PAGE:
Review By Tessa Stickland
Nick White is effortlessly at home on the stand-up stage.
He’s one of those stand-ups that has the audience feeling relaxed and at ease. You’re never worried the joke is gonna flop – so you sit comfy and just wait for the laughs to come. And they do!
White’s topics of discussion aren’t ‘ground breaking’ – but they don’t need to be. His authenticity is relatable, which brings a fresh air to even well trod ground like airplane travel. It's never contrived.
He talks about working in New York, growing up gay in Brisbane, attending a catholic school, being a late bloomer, and more.
I felt at times he was more self deprecating about his jokes than he needed to be. He has a joke about comedians saying “that's just for me” when a joke doesn’t get enough laughs. He takes this idea a little further, observing that other occupations can’t do this. While it’s funny, I can’t help but suspect this is built in so he can have a fallback if he feels a joke doesn’t land.
He uses this a few times throughout the show. But I don’t think it’s necessary because he has the charisma to carry on from any jokes that don’t hit as hard.
However, I know for myself that having a crutch like this can be extremely useful. Especially at a quieter show. I was lucky enough to attend a night that was pretty full, so perhaps that’s why I felt it wasn’t that necessary, because there were enough people in the room to hold the energy even if it dipped a bit for one joke.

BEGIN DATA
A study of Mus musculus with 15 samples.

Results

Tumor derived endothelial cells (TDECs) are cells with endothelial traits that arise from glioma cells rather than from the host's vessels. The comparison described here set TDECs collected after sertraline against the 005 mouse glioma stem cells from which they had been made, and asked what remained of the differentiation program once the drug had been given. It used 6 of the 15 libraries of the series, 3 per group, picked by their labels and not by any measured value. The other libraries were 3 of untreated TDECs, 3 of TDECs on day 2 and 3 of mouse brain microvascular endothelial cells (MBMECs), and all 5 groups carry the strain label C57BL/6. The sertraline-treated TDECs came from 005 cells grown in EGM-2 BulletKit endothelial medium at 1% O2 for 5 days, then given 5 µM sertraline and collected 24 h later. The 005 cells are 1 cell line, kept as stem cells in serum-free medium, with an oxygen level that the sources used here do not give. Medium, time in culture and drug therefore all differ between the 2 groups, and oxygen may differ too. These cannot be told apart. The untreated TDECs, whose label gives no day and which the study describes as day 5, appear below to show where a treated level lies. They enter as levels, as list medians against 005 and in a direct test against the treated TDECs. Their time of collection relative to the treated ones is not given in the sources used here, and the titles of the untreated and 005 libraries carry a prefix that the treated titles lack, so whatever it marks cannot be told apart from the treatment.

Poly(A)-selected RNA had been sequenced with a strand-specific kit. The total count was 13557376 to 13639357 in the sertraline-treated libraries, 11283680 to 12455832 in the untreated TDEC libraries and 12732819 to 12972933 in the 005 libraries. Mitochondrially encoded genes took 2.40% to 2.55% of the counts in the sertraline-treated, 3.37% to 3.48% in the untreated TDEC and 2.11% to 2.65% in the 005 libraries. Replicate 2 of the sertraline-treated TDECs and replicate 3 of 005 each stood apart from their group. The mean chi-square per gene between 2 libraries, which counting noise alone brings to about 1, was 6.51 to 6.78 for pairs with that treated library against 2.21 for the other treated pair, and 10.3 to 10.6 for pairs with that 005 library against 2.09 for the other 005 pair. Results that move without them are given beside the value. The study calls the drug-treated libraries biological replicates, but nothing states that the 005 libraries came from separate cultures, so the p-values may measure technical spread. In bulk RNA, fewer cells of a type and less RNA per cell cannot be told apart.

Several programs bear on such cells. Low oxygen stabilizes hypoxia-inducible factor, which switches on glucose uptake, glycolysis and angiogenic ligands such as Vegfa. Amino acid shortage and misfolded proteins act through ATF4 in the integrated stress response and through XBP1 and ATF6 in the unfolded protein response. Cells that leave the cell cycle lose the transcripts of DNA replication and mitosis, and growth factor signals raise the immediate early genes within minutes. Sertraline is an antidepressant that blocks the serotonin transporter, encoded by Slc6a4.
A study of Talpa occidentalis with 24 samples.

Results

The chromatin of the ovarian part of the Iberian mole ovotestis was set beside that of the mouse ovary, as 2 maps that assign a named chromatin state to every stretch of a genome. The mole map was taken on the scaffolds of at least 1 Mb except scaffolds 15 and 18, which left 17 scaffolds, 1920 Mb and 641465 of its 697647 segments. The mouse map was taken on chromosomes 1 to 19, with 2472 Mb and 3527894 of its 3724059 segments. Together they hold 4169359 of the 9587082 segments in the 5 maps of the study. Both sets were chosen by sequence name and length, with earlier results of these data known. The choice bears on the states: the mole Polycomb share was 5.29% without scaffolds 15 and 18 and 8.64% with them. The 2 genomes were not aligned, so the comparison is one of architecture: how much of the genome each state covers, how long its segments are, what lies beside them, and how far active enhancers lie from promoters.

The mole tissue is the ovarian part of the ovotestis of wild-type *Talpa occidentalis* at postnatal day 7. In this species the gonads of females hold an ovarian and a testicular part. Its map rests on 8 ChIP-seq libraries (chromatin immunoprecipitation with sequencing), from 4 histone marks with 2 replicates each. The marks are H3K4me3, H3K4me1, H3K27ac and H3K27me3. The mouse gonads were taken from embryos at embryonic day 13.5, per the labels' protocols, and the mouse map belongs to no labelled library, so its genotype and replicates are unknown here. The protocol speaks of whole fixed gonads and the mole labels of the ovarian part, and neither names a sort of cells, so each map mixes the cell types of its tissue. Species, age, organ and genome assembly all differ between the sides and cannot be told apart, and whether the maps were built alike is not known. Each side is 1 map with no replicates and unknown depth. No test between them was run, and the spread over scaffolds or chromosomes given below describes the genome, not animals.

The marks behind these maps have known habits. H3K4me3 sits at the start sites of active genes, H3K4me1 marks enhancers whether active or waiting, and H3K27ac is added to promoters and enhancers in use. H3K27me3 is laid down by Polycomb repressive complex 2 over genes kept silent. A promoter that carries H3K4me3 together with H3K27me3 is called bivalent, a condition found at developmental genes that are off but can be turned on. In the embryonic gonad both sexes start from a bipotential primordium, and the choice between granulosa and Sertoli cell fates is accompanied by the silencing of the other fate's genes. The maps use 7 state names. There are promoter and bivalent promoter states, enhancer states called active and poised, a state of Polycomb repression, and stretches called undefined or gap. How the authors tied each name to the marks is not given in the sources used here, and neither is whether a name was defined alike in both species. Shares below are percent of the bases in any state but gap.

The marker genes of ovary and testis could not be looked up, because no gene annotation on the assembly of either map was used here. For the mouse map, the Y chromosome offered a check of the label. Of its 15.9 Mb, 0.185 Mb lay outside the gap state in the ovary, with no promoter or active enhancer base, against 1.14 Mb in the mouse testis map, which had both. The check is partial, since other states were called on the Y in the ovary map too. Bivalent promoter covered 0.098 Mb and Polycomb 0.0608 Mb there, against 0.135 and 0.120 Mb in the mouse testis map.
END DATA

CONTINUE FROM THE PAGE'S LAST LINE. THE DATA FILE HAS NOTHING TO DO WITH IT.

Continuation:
Anyway, this bit was just for me.
For all my fellow queer younger millennials out there: there is some Twilight gear at the end. And White is right. It's everyone's favorite film. I’m loving the Twilight renaissance/ reevaluation-as-a-camp-classic era we're in now, because I’m getting more Twilight jokes than ever before. And none of them are mocking young girls in a way that feels hurtful. It fuels me!
One of the difficulties for a stand-up (or any solo act) is staying hydrated during the show.
They've only got a few options:
Wait/hope for a big/long enough laugh that they can take a sip without disrupting their flow.
Take a sip and disrupt the flow. Make it awkward.
Embrace the awkward and make it a bit.
White chooses this third option, pulling a little face and cheekily glancing out at the audience.
It's a small thing, but it keeps up the energy.
If you're looking to see some stand-up this MICF, I don't think you'll go wrong with Nick White. There's a cozy sort of feeling to his work. Like a conversation in a pub with an old friend you haven't seen for years. It's just nice, ya know?